Killing the cult of consumption

By Kieran Madden December 11, 2018

“Our Gross National Product…measures everything, except that which makes life worthwhile.” 

Bobby Kennedy’s famous 1968 speech decried how measures like GDP count the locks on our doors and a nation’s weapons of mass destruction, while ignoring the “health of our children,” the “strength of our marriages,” or “the intelligence of the public debate.” What we measure reflects what we think matters.

Fifty years have passed since then, and it’s fair to say that despite the common refrain that there’s more to life than money, the West has continued with a getting-and-spending consumption culture. Just the other week, for example, we in New Zealand celebrated “the most honest of seasonal celebrations,” as columnist Liam Dann put it, the “Festival of Consumer Greed” that is Black Friday.

What we measure reflects what we think matters.

Meanwhile, the Government is taking steps to put consumption in its rightful place alongside the “worthwhile” things that Kennedy espoused. Treasury is pulling together a living standards framework that adds social and environmental indicators alongside the economic, set to inform the Government’s “Wellbeing Budget.” But will this be a waste of time if we aren’t honest about our obsession with consumption?

Oren Cass of the Manhattan Institute thinks so, and is the latest to take a shot at the economic status quo in his book The Once and Future Worker. Cass’ critique focuses squarely on the role of work, and asks the question, “what if people’s ability to produce matters more than how much they can consume?” Prioritising production—work—should be our focus.

He calls the current system “Economic Piety,” the immovable belief that society is here to grow the economic “pie” so bigger slices can be distributed and people can consume more stuff. The natural end point, he reckons, is “unconstrained growth paired with unconstrained redistribution, maximizing consumption without reference to work.”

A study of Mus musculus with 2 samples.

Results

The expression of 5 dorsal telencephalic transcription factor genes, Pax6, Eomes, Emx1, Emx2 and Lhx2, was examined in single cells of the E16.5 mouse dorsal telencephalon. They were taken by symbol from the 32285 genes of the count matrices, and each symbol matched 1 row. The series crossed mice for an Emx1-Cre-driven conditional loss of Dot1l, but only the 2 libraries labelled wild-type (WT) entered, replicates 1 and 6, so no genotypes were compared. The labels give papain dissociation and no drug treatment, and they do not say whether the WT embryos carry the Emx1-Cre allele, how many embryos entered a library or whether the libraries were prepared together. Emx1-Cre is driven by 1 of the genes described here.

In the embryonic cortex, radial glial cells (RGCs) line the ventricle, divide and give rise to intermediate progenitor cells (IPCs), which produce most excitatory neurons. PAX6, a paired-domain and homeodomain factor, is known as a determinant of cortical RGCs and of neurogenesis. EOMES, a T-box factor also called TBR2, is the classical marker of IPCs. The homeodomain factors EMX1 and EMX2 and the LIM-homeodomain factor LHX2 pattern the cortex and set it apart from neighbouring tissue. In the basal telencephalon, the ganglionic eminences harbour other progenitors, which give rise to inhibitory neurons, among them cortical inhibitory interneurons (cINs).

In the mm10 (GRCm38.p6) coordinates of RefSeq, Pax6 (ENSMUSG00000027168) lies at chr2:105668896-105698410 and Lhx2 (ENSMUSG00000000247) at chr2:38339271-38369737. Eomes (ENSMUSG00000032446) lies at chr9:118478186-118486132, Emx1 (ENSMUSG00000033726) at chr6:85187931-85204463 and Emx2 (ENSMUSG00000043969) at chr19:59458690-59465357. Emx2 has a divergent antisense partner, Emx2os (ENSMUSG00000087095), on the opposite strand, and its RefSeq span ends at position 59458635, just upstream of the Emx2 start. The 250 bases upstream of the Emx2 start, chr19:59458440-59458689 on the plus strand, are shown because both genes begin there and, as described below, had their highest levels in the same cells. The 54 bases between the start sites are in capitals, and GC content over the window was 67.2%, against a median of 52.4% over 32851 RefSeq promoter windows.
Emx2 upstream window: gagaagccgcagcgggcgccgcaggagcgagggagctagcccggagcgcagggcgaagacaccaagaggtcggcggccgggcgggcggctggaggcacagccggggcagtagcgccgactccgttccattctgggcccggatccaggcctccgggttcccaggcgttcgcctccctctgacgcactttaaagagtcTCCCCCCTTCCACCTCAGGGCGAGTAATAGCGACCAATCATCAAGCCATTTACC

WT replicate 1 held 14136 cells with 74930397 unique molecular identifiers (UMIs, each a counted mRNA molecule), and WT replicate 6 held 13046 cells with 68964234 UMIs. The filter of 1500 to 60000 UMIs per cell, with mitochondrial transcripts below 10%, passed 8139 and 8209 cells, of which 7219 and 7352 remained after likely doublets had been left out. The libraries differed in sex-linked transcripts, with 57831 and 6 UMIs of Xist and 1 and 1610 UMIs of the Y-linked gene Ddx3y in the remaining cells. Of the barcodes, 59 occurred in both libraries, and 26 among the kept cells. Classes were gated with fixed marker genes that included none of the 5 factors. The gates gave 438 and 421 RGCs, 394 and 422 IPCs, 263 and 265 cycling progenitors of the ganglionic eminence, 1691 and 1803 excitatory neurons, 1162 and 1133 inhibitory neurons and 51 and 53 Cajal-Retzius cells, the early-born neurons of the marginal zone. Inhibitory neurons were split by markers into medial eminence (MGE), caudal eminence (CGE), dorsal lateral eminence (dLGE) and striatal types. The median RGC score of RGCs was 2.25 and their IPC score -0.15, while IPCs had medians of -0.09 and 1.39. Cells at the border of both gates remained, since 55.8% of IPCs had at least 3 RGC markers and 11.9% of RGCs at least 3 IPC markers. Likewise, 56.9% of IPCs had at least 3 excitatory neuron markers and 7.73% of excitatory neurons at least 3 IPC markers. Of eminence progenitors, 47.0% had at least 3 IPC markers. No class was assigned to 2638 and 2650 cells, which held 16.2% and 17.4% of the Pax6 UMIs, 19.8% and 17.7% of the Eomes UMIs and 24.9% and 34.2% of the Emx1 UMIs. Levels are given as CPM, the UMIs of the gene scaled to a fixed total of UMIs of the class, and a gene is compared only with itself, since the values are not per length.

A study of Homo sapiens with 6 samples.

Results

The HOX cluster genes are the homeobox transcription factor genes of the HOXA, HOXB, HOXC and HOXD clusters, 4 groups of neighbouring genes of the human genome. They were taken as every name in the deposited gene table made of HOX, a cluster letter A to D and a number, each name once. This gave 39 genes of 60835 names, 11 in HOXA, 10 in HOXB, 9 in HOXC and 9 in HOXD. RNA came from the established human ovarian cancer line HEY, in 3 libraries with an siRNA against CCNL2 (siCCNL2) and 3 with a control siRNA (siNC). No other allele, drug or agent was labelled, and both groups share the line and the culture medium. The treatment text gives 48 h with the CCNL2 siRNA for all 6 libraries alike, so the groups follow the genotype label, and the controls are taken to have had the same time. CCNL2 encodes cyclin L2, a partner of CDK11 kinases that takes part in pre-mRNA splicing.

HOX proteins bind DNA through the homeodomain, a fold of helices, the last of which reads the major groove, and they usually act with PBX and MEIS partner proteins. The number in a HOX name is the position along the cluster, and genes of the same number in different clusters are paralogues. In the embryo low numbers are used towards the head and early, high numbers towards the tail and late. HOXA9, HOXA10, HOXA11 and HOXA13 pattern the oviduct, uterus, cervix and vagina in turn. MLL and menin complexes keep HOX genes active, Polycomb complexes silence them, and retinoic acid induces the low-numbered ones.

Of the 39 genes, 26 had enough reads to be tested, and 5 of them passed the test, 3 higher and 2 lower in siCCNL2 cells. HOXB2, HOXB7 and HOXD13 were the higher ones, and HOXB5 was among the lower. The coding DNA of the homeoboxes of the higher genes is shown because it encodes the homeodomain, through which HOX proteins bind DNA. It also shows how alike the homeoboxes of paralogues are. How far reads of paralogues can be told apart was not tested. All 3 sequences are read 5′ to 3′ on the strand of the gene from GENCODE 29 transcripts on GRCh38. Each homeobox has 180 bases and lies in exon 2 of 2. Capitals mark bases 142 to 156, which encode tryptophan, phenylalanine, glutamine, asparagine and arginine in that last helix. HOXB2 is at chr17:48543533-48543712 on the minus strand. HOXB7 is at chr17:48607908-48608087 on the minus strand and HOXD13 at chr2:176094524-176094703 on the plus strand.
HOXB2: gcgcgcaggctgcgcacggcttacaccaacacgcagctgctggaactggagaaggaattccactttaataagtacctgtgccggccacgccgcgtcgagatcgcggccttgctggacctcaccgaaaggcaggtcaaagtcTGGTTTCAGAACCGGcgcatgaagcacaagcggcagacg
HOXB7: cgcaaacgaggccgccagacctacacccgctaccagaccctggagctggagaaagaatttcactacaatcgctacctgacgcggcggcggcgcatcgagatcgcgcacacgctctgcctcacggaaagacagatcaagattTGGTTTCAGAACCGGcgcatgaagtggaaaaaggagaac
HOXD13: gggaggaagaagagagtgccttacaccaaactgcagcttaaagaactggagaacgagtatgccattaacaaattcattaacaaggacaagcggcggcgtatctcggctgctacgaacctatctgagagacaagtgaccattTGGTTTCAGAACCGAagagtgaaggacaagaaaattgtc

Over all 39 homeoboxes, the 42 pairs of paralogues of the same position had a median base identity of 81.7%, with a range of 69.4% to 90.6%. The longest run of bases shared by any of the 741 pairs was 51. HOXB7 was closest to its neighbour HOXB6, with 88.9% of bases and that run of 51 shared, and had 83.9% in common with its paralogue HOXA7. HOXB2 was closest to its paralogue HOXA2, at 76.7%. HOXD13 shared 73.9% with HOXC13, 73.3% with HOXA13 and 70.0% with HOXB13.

“Economic Piety,” the immovable belief that society is here to grow the economic “pie” so bigger slices can be distributed and people can consume more stuff.

Cass offers what he calls the Working Hypothesis as an alternative, arguing that a “labor market in which workers can support strong families and communities is the central determinant of long-term prosperity and should be the central focus of public policy.” By focusing on the pie we’ve improved living standards, but lost the dignity and value of work, creativity and obligation for others, he says. We count the cost of things like pollution and limit economic activity, and we should do the same when jobs are at stake. Cass isn’t aiming for a socialist paradise, more rebalancing for a sustainable future.

Perhaps the ascendency of “economic piety” is the reason that policy ideas like the Universal Basic Income—money for all regardless of work—are so in vogue right now. But ideas like this miss Cass’ point. The Living Wage movement, despite its shortcomings, is at least all about importance of a job that can support a family.

A society where work is both meaningful and able to put food on the table is worthwhile. Going beyond consumption for our measures of well-being is a good thing, but we need to change our culture too—one where producing, not consuming, is our goal.